Western Washington University will host a viewing of the film, “Starving the Beast,” from 4-6 p.m. on Monday, May 8 in Academic West 210 (AW 210).
This event, co-sponsored by the Office of Provost, Fairhaven College of Interdisciplinary Studies, Woodring College of Education and departments of Anthropology, English and History, is free and open to the public.
Western Washington University Associate Professor of English Kristin Mahoney will present “Out and Out from the Family to the Community: the Housmans and the Politics of Queer Sibling Devotion at 4 p.m. on Tuesday, May 9 in Special Collections, Wilson Library 6th floor, on the WWU campus.
The event is free and open to the public.
Western Washington University Associate Professor of English Kelly Magee has published her collection of fantastical fairy tales and retellings called “The Neighborhood” through Gold Wake Press.
Magee has been working on these short stories since she was in graduate school at Ohio State University. She taught a multi-genre topics class that featured recycled writing, where students choose pieces of literature and rewrite them. Fairytales was one of the popular source genres in the course.
Western Washington University will host four award-winning children’s and young adult book authors and illustrators from 9 a.m. to 3 p.m. on Saturday, Feb. 25, 2017 at Western’s Performing Arts Center as part of Western’s 14th Annual Children’s Literature Conference.
The conference brings together teachers, librarians, readers, and writers to celebrate children’s literature and reflect on how children’s books shape the experience of growing up.
Theresa Warburton, a faculty member in English and WGSS, was awarded the Walter McClintock Fellowship, a Visiting Postdoctoral Research Fellowship at the Beinecke Rare Book and Manuscript Library at Yale University. She will spend one month in residence at the library looking at the papers of Laguna Pueblo writer Leslie Marmon Silko.
Western Washington University Senior Instructor of English Kami Westhoff has published a new book of poems titled "Sleepwalker," which has been awarded the 2016 Minerva Rising Chapbook prize. Her fiction and poetry have appeared in journals including Meridian, Phoebe, Third Coast, River City, The Madison Review, and Sundog Lit. Her short story "The Ways You Are Gone" received the 2007 Editor's Prize from Carve Magazine. She teaches creative writing, and is the faculty adviser for Jeopardy Magazine.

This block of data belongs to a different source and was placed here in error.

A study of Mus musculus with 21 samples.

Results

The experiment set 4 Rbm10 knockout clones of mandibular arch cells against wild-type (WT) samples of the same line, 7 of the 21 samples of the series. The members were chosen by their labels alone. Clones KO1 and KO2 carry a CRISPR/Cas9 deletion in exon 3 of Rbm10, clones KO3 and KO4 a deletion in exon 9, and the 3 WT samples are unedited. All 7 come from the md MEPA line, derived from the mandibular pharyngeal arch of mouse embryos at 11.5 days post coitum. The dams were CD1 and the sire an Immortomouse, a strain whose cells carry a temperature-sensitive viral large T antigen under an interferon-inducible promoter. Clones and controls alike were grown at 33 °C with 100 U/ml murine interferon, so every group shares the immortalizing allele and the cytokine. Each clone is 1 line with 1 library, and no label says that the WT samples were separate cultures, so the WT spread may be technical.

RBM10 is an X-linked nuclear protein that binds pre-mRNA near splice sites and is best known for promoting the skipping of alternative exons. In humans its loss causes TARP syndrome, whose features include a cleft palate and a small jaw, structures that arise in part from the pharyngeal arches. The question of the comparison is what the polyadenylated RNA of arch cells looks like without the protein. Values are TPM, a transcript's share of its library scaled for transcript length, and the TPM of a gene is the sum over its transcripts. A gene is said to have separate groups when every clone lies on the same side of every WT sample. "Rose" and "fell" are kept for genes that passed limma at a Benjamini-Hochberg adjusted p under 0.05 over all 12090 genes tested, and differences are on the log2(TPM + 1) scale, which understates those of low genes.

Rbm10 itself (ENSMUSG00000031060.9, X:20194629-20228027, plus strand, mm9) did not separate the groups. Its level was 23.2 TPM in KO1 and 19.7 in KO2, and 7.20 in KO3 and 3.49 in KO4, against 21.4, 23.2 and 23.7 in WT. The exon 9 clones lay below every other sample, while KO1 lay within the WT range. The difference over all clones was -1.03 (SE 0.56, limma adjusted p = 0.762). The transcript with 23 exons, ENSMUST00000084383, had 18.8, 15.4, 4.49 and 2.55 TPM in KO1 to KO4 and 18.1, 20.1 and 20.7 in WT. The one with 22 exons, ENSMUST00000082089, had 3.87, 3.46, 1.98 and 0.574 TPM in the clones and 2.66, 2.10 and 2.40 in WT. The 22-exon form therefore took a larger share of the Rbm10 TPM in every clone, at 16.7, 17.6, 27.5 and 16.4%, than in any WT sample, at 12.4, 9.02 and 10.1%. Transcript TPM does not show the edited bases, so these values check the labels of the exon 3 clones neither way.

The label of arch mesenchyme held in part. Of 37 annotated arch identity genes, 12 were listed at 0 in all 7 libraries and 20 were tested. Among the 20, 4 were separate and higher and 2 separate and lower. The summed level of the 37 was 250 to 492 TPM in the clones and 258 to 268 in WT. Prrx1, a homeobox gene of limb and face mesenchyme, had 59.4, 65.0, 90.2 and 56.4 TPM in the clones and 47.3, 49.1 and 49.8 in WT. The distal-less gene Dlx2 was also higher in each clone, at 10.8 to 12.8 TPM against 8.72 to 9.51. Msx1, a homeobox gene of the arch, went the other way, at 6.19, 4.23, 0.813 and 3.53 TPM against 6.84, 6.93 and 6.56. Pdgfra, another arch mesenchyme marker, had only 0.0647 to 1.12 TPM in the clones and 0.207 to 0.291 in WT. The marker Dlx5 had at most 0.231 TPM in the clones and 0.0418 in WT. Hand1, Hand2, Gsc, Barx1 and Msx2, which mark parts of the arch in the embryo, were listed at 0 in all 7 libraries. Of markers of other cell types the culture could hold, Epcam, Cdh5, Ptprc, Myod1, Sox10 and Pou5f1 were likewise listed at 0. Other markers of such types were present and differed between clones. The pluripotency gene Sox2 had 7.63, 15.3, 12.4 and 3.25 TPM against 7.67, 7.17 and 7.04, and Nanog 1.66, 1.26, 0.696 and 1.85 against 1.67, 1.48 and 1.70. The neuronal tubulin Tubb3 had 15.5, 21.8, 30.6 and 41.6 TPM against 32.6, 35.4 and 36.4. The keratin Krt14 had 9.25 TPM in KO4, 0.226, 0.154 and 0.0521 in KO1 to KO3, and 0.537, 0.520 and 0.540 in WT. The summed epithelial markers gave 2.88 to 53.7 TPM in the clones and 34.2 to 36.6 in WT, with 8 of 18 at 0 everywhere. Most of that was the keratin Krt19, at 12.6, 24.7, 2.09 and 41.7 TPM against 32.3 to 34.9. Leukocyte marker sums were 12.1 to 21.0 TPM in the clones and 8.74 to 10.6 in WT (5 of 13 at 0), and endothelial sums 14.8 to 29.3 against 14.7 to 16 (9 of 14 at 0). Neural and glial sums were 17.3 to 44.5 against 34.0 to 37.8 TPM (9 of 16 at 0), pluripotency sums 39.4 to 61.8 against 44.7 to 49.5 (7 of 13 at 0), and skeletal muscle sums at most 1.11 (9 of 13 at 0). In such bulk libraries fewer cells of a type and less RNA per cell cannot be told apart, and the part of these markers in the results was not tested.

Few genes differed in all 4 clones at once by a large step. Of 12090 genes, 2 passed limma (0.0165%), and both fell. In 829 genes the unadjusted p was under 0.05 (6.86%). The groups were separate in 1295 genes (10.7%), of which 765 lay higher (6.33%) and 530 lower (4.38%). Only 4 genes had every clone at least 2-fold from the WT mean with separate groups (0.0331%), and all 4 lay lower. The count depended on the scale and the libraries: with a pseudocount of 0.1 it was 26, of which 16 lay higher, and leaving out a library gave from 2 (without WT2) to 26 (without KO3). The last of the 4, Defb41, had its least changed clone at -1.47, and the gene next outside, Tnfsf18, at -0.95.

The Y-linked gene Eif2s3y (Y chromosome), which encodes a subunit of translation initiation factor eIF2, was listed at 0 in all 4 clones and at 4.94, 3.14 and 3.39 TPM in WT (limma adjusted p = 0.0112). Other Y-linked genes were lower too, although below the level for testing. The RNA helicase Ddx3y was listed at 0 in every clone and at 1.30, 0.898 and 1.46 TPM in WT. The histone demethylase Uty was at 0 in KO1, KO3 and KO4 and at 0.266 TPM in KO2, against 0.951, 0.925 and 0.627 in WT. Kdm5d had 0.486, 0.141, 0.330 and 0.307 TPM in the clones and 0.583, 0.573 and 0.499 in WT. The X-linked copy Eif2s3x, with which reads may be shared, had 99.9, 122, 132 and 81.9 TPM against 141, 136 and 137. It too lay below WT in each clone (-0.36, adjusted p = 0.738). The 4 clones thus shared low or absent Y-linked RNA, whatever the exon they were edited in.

“I would not have you descend into your own dream. I would have you be a conscious citizen of this terrible and beautiful world.”
― Ta-Nehisi Coates, Between the World and Me
Brenda Miller’s latest book An Earlier Life has just been published.
WWU Professor of English Ning Yu will do a reading of Chinese poetry of the Tang dynasty at 7 p.m. on Friday, Oct. 7 at Village Books. The readings will be taken from translations done by Yu, in collaboration with Carlos Martinez, recently published by WWU’s East Asian Studies Press as “In Response to the Howling Monkeys Along the Yangtze: An American Eco-Critic’s Translation of Three Hundred and Eleven Tang Poems.”
Western Washington University will host Washington’s Poet Laureate, Gonzaga University professor Tod Marshall, for a poetry workshop at 4 p.m. on Wednesday, Sept. 28, in Fraser Hall 201.
The event is free and open to the public, and will be followed by an evening reading at 6:30 p.m. on Thursday, Sept 29, in Communications 110.
Marshall’s workshop, “Writing Poems That Speak of Home: Washington 129,” is intended to contribute to his Washington 129 project, which gathers submissions from the people of Washington state.
A number of new publications are out from the English Department:
Nancy Pagh’s latest book, Write Moves: A Creative Writing Guide and Anthology, has just been published.
Kristin Mahoney’s most recent essays are “Camp Aesthetics and Inequality: Baron Corvo’s Toto Stories,” which appears in Economies of Desire at the Victorian Fin de Siècle: Libidinal Lives; and “Michael Field and Queer Community at the Fin de Siècle” which appears in Victorian Review.
Kelly Magee’s latest short story “The Merm Prob” has just been published in "Gulf Coast."
Magee is an associate professor of English at Western Washington University.
Theresa Warburton’s essay "Coming to Terms: Rethinking Popular Approaches to Feminism and Anarchism," has just been published in "Perspectives on Anarchist Theory."
Warburton is an assistant professor of English at Western Washington University.
Brenda Miller, a professor of English at Western Washington University, will read from and sign her book "An Earlier Life" at 7 p.m. Friday, April 15, at Village Books in Bellingham.